Elie Wiesel's Night and the Holocaust

Published in English in 1960, Elie Wiesel’s Night is an autobiographical account of his experience in the Nazi concentration camps of Auschwitz and Buchenwald from 1944-1945. Wiesel was born in Sighet, Romania in 1928, and raised in the Jewish faith. He was just fifteen years old when he and his family were deported to Auschwitz II-Birkenau in a cattle car. His mother and younger sister both perished at Auschwitz, while Wiesel and his father remained together through several camp transfers within Auschwitz and a death-march evacuation from Auschwitz III, the Monowitz-Buna camp, to Buchenwald. He lost his father on January 29, 1945 but managed to stay alive and was liberated by the American army on April 11, 1945.

It was ten years before Wiesel could write his memoir about his experiences within the concentration camps, and then he struggled to get it published; the world was not ready to hear about the atrocities of Hitler’s Final Solution. However, Night was well-reviewed and would later go on to sell over ten million copies. Wiesel continued to write over the years, becoming one of the most prominent voices among Holocaust survivors. In 1986, he was awarded the Nobel Peace Prize. Elie Wiesel died on July 2, 2016 in Manhattan.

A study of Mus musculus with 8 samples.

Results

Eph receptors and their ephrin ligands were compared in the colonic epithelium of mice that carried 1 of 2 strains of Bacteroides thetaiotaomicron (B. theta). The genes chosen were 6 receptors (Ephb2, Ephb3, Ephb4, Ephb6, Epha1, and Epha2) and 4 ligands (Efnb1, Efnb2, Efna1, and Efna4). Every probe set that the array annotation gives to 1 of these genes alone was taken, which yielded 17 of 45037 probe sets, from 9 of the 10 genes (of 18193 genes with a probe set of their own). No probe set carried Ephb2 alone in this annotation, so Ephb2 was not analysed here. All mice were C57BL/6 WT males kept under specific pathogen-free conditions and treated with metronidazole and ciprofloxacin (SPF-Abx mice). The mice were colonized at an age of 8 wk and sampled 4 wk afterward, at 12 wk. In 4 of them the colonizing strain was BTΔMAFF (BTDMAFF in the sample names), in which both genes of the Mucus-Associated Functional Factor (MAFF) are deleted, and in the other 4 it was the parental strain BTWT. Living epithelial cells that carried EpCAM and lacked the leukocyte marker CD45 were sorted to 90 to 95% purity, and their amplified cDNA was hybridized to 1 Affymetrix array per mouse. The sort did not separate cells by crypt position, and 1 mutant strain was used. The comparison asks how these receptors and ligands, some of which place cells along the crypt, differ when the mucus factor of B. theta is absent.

Chicago citation style
Susan Ketcham. Elie Wiesel's Night and the Holocaust. 2017. Retrieved from the Digital Public Library of America, http://dp.la/primary-source-sets/elie-wiesel-s-night-and-the-holocaust?subject=american-literature. (Accessed December 12, 2018.)
APA citation style
Susan Ketcham, (2017) Elie Wiesel's Night and the Holocaust. Retrieved from the Digital Public Library of America, http://dp.la/primary-source-sets/elie-wiesel-s-night-and-the-holocaust?subject=american-literature
MLA citation style
Susan Ketcham. Retrieved from the Digital Public Library of America <http://dp.la/primary-source-sets/elie-wiesel-s-night-and-the-holocaust?subject=american-literature>.
Note: These citations are programmatically generated and may be incomplete.